Keeping Us Real: Ludacris Doesn't Belong at N.C. State

By A A


September 20, 2004

I'm a household name, with game spitting outta my mouth at all times,
I spit it out and about, and spit outta the south, until they recognize the danger signs,
So feel a tingle in yo's-spine, by the way I talk
And it's pimpin' in my blood, you can tell by the way I walk
Ooh lawd, more styles than a barber shop, call the cops
People in the way wanna baller block
Little do they know that I'm callin' shots
And I'm not to be [expletive] with
If you see me comin' 'round the corner, then duck quick, perpetrators can [vulgarity]

In case the author of them isn't a "household name" to you, the lyrics above are by Ludacris, a rap artist scheduled to appear at N.C. State University's homecoming concert October 1.

Ludacris, born Chris Bridges, isn't just foul-mouthed. The Atlanta-born rapper's lyrics are misogynistic (multiple references to women as "b----es" and "hos," and one track in which Ludacris boasts of killing a "b----" who talks too much), glorify gun violence (his "Get The [expletive] Back" contains "kill a man – let his brains hang," and "cut his [expletive] head off"), and are, shall we say, tolerant on drug and alcohol abuse (too many references to count, but including cocaine and marijuana).

Ah, you say. Now, in the finest tradition of conservative commentary, the writer will express outrage over this vulgar stuff and cite statistics showing that rap music warps children's minds, degrades women, and encourages thuggery.

True, rap is fairly accused of all these things, and there are studies to back that up. But opposing Ludacris on vulgarity alone is hypocritical, as anyone recalling my enthusiasm for the Violent Femmes or David Bowie's "Pablo Picasso" in the 1980s can attest. Ludacris can perform as he pleases, vulgar or no – that's why we have a First Amendment. And forget worrying about the "example" Ludacris provides for N.C. State students: those weak-minded enough to put Ludaris's lyrics into action are hopeless anyway; put a group of Nazis in charge of N.C. State and the same students would merrily burn Jewish-authored textbooks.

No, the problem with bringing Ludacris to N.C. State is what that invitation says about the university — my university — and what it stands for. While Ludacris has a right to call women "b----es" and "hos," should N.C. State pay him to do so, and provide him a forum to do it? Does N.C. State, whose mission statement calls for providing "leadership for intellectual, cultural, social, economic, and technological development within the state..." advance that mission an iota by bringing Ludacris to campus? How does the rapper's degradation of women fit with N.C. State's policy on sexual harassment, which forbids, among other verbal naughtiness, language that demeans women on the basis of sex?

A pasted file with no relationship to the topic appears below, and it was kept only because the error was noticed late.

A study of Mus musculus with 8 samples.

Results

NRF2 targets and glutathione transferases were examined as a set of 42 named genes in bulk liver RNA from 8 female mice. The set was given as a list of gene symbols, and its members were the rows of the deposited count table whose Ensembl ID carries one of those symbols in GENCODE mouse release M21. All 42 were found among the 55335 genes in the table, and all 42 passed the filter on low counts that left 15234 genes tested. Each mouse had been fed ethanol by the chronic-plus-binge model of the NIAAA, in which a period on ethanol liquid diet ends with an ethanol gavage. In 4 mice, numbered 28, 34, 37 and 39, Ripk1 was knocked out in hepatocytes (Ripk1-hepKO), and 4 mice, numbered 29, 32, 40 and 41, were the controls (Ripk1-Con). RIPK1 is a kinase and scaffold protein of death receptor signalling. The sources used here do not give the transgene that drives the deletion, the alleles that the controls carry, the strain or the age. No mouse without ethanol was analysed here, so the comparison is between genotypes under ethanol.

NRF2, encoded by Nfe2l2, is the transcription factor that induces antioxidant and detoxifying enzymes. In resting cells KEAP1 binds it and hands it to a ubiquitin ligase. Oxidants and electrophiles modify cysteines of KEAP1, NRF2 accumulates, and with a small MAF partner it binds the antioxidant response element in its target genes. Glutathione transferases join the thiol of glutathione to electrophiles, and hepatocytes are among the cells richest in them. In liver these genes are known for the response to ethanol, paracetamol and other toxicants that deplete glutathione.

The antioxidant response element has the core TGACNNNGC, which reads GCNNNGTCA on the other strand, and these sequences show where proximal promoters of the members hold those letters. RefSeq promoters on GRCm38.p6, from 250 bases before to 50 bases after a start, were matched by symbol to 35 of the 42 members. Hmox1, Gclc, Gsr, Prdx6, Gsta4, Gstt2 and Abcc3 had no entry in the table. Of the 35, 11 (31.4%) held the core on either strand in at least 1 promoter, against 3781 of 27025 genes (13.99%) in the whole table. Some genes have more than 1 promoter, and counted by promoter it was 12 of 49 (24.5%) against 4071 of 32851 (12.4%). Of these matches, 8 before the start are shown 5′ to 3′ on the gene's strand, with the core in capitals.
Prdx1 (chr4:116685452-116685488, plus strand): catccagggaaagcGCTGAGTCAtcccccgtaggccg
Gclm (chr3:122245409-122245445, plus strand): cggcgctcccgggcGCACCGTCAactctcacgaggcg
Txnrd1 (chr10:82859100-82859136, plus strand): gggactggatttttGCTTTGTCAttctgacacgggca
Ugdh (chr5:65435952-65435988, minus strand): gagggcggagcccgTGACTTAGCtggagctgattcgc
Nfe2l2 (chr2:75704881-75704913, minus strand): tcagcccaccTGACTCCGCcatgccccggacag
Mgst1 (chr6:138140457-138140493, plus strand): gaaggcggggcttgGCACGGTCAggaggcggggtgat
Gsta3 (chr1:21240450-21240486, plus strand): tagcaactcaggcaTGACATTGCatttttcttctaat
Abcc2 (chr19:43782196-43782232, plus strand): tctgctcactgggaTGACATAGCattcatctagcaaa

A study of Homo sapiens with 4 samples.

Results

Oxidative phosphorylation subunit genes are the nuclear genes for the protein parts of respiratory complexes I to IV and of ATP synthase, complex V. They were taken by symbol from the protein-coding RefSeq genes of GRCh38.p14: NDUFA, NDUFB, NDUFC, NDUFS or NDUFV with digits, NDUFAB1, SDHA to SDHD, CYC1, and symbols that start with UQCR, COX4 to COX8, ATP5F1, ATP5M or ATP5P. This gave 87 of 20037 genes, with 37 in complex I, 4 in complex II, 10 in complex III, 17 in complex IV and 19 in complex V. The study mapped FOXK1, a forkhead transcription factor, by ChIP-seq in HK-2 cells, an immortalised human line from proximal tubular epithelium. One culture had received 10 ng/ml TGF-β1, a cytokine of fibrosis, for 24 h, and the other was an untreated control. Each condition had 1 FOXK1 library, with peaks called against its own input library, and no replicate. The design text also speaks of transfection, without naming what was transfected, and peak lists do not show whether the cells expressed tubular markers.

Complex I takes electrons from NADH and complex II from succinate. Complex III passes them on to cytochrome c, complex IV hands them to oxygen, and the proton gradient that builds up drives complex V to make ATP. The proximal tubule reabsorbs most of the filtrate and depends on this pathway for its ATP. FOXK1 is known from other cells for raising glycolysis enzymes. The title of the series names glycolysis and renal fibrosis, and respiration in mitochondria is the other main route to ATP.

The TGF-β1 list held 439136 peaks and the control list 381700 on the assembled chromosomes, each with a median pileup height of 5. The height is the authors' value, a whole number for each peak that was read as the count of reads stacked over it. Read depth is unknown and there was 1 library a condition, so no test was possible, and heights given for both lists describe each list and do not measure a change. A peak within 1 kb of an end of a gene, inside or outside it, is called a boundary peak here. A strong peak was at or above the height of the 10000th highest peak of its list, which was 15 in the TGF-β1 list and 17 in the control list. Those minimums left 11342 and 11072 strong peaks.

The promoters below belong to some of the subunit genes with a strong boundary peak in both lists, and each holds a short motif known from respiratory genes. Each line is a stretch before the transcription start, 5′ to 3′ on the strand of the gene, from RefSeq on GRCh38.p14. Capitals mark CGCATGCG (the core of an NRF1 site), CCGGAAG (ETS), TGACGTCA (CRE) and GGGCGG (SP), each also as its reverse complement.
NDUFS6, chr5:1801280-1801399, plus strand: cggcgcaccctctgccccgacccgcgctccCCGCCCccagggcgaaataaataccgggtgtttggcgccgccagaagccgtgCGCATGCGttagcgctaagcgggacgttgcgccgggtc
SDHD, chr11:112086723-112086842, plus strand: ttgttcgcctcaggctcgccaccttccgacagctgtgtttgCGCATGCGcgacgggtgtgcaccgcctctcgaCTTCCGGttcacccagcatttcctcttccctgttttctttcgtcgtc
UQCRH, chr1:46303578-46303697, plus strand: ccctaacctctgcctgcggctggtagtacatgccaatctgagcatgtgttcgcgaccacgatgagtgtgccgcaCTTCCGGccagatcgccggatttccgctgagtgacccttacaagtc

Ludacris does not represent N.C. State, or what N.C. State supposedly stands for, and the university shouldn't associate itself with him, even by giving him a stage and cutting him a check. It's that simple, and it's the same feeling, one thinks, that led students at Atlanta's Spellman College to remove the equally misogynistic rapper Nelly from a campus bone-marrow drive and petition Black Entertainment Television to cease showing some of his videos.

There are those who might say: If you don't like Ludacris, don't buy a ticket. But that facially libertarian response ignores that N.C. State is an educational institution, one that either advances North Carolina's culture and intellect, as it claims, or promotes Ludacris, who has no apparent connection with the school or the state and offers only the lesson that vulgarity can bring big money. A truly free-market response to N.C. State is, rather than doing nothing, telling N.C. State respectfully but firmly that as alumni, students, or taxpayers, we don’t think Ludacris is what N.C. State should be about.

Should N.C. State take no more into consideration, when booking entertainment, then popularity? Is it responsible for no more, when considering whom to invite to campus, than a downtown club? Sadly, as matters stand, N.C. State's answer appears to be, "No."